Paul's letter to the Thessalonians
These letters are seen as the earliest of Paul's letters to Christian groups to be included in the Bible and, like the other letters, come alive when read with some educated guesses about the situation in Thessaloniki around 40 AD in mind.
Thessaloniki was a large seaport, which would have been culturally and religiously a very diverse community, and it had a degree of political freedom within the Roman empire. Paul had visited the city and preached in the synagogue and publicly as he usually did. He aroused some strong opposition from the city authorities - almost certainly his message was seen as a threat to the political stability of the city and the empire - and he was forced to leave rapidly, leaving behind a group of converts who suffered persecution as a result of their new commitments. The letters are a direct response to this, giving support, encouragement and teaching to a group under severe pressure.
Paul does this in ways that are not surprising - he praises the courage of the group in the past, encourages them to hold on to their experience of conversion to the Gospel and to the hope that that gives them - and says, perhaps most importantly, that he shares in their present experience of suffering. But he also writes with an awareness that the day of God's judgement is close - and this is much more difficult for us to grasp when reading letters.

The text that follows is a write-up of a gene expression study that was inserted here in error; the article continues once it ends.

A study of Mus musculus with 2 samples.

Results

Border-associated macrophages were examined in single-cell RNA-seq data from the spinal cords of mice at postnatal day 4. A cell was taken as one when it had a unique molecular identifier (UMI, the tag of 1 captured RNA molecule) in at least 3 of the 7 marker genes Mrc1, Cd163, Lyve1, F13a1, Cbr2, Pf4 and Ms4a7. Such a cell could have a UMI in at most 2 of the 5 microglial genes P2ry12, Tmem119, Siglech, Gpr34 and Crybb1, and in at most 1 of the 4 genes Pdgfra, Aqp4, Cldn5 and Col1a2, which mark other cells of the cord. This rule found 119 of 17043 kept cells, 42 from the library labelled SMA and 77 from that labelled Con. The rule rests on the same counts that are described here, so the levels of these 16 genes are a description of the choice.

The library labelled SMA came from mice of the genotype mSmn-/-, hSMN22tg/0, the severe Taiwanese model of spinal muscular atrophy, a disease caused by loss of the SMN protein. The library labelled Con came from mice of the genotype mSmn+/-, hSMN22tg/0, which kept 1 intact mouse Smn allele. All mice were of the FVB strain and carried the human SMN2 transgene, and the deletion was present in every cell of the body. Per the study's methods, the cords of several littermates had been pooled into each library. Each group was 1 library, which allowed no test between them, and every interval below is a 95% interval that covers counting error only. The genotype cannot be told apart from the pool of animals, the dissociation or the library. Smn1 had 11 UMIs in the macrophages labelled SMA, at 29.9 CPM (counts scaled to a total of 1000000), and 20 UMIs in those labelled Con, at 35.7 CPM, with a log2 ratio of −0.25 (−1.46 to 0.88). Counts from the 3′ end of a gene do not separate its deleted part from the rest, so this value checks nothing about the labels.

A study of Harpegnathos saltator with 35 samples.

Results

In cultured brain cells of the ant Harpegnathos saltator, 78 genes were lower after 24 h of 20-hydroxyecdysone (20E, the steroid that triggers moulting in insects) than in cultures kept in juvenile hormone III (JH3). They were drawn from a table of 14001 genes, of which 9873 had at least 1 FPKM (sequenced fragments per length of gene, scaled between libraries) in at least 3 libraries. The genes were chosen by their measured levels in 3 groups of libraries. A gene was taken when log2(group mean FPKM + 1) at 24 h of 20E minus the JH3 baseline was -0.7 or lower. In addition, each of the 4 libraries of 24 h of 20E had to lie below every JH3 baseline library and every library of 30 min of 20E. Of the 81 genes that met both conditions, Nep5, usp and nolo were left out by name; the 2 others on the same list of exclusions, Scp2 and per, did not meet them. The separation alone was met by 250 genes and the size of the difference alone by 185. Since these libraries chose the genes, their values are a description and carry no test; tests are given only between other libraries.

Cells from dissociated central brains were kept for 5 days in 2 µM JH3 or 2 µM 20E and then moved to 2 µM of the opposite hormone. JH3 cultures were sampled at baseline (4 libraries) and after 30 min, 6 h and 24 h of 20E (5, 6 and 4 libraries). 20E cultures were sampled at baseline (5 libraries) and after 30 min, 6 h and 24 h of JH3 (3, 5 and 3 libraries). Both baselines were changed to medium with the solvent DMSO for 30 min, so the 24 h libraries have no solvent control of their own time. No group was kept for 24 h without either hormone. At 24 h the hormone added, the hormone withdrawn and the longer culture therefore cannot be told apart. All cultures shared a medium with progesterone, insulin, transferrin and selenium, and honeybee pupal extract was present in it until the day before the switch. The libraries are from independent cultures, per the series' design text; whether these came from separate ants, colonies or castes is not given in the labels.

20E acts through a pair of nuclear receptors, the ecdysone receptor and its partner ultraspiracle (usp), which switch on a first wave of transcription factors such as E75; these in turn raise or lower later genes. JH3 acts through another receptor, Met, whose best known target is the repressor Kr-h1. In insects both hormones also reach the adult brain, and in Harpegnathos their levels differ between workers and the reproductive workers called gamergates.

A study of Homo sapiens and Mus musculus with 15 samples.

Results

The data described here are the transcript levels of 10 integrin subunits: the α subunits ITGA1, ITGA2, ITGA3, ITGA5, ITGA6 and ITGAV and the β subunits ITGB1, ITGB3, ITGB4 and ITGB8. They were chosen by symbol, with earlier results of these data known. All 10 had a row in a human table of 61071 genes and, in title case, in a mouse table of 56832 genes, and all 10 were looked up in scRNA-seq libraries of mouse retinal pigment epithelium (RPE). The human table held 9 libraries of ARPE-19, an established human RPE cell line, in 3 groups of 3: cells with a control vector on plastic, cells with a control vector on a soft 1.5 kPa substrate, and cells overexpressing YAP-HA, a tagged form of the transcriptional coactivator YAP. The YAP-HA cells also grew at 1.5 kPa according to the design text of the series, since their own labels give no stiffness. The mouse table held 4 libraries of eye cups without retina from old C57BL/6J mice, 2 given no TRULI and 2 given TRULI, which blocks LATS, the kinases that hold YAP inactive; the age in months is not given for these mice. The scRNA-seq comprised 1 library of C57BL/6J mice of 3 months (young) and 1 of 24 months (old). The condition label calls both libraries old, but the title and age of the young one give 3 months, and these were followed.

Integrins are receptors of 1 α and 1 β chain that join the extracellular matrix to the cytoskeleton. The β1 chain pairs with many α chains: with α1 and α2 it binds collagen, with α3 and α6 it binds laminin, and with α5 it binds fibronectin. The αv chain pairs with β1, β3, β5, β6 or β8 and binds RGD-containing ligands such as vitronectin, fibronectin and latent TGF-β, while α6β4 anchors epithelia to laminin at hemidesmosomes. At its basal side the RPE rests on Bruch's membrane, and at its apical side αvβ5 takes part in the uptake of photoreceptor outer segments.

This perspective gives for Paul an urgency about building a secure and loving community where the day of judgement can be prepared for. The Thessalonians had been concerned about the fate of members of their community who had died, possibly under persecution, and Paul reassures them that their friends are not excluded from the new creation he saw God bringing to being.
Our perspective, in the light of a very different understanding of the world around us, cannot be the same as Paul's, but I see some of the themes of his letters as still important - other readers of the letters will respond to different aspects of what Paul wrote. He has a strong sense of the transforming power of God at work in the life of the Thessalonian community and encourages them to have hope in that. This hope is the resource that the group has in facing situations of pain and suffering. For Paul, the quality of the community and individual lives of the Thessalonians, as an expression of that hope, and as a place in which God is seen at work in the world, is crucially important. He is writing using all his persuasive power to encourage the growth of loving and mutual relationships within the community.